In Silicon Valley, the term visionary is so routinely applied to folks who are merely bright and clever that it’s lost most of its meaning. But when Douglas Engelbart died at his home in Atherton, Calif., on Tuesday, at the age of 88, we lost someone so brilliantly forward-looking that calling him a visionary almost seems like an understatement.
Engelbart is best known as the inventor of the computer mouse, but leaving it at that is like praising Orville and Wilbur Wright for their pioneering role in the history of propellers. He began his computer research in the 1950s and ended up at the Stanford Research Institute (now known as SRI). In the 1960s, at a time when human interaction with computers was conducted largely by means of punch cards — and most of the humans doing the interacting were computer scientists — Engelbart saw computers as a way for human beings to augment their intellect. Then he set about building the necessary tools to make that not only possible, but also easy.
The mouse — and the whole concept of manipulating onscreen elements by pointing at them — mattered hugely. But so did his SRI lab’s groundbreaking work on bitmapped displays, hypertext and other man-to-machine technologies. The research efforts he led jump-started the revolution that inspired the graphical user interface developed at Xerox’s PARC in the 1970s and commercialized by Apple, Microsoft and other companies in the 1980s. Even today, researchers working on the future of personal technology continue to feast on ideas that Engelbart was thinking about more than a half-century ago.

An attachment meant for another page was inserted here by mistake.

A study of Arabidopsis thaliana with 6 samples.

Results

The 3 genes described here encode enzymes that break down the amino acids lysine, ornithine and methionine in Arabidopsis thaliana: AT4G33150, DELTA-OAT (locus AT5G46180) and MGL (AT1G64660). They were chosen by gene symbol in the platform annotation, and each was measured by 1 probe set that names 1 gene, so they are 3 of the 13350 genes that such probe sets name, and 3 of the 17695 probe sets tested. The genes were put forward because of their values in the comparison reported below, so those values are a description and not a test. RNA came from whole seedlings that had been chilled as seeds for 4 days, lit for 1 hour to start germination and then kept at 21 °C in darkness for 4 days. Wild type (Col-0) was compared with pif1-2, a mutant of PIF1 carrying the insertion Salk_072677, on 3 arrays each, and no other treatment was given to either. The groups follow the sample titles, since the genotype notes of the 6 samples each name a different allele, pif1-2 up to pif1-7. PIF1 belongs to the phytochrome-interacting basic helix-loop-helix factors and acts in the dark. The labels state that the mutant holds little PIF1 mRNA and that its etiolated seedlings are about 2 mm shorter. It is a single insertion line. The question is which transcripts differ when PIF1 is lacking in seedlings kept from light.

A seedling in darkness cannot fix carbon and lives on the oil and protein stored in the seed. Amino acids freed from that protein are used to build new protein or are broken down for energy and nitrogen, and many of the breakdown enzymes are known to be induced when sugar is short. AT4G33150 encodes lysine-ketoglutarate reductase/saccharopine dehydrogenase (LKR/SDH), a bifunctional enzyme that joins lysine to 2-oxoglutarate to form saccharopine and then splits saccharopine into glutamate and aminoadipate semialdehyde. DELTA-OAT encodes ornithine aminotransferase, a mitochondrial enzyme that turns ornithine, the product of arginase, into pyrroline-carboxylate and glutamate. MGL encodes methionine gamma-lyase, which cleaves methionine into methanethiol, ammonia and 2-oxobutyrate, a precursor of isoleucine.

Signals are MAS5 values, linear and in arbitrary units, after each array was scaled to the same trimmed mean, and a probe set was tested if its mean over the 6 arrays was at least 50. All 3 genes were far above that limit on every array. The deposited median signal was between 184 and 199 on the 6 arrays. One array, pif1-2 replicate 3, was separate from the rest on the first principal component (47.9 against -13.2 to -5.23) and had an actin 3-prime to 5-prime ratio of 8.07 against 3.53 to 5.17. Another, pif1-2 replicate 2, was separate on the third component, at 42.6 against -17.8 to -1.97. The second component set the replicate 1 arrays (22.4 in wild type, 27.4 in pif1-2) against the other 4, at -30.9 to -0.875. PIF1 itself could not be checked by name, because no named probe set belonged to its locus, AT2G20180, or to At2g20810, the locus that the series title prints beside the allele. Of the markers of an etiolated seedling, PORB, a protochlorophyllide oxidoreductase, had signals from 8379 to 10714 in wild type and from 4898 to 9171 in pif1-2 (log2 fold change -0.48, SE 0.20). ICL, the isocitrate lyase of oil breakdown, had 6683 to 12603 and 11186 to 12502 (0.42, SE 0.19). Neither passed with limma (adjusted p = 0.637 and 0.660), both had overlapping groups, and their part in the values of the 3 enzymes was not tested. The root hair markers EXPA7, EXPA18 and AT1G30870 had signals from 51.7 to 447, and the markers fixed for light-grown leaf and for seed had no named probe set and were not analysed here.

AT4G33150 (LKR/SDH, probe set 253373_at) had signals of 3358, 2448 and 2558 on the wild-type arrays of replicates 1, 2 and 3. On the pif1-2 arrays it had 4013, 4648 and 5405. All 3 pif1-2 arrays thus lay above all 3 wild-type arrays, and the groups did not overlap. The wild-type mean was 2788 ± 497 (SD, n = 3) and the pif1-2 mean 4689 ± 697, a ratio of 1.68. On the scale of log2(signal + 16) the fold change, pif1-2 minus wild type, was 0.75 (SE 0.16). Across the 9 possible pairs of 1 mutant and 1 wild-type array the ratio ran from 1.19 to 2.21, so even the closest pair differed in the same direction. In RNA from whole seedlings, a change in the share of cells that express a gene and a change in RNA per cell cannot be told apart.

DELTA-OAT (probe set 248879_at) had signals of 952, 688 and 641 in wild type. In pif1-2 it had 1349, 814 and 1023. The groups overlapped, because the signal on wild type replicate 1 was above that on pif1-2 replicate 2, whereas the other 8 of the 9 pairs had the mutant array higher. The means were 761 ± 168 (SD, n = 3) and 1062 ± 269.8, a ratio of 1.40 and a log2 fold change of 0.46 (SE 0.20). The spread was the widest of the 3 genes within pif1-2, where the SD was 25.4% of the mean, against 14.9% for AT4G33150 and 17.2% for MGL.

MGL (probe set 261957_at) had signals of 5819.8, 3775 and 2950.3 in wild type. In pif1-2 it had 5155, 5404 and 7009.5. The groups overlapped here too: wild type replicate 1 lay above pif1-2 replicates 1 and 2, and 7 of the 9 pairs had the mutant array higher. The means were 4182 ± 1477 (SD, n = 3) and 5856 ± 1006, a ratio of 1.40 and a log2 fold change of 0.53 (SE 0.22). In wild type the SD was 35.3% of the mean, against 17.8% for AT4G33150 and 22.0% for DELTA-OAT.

At a December 1968 conference in San Francisco, he showed attendees his current work, which included a windowed user interface, interactive document editing, networked resources, videoconferencing and, of course, a mouse. Justly nicknamed the “mother of all demos,” it must have been mind-blowing at the time, 15 years before the first Apple Macintosh brought some (but not all) of his concepts into homes and offices. It’s still about the most intense tour de force of raw creativity and innovation that the tech world has ever seen. Lucky for us, the whole thing was filmed for posterity:
Engelbart was able to see things that most people couldn’t, and make them real. But he was also a passionate believer in what he called Collective IQ — the ability of teams to do things that lone guns cannot. In recent years, he advocated for that vision at his Doug Engelbart Institute, which he co-founded with his daughter Christina. I’ll miss seeing him at conferences and other events around the valley, but his monuments are all around us — on our desktops, in our hands and everywhere else that humans use technology to augment their intelligence.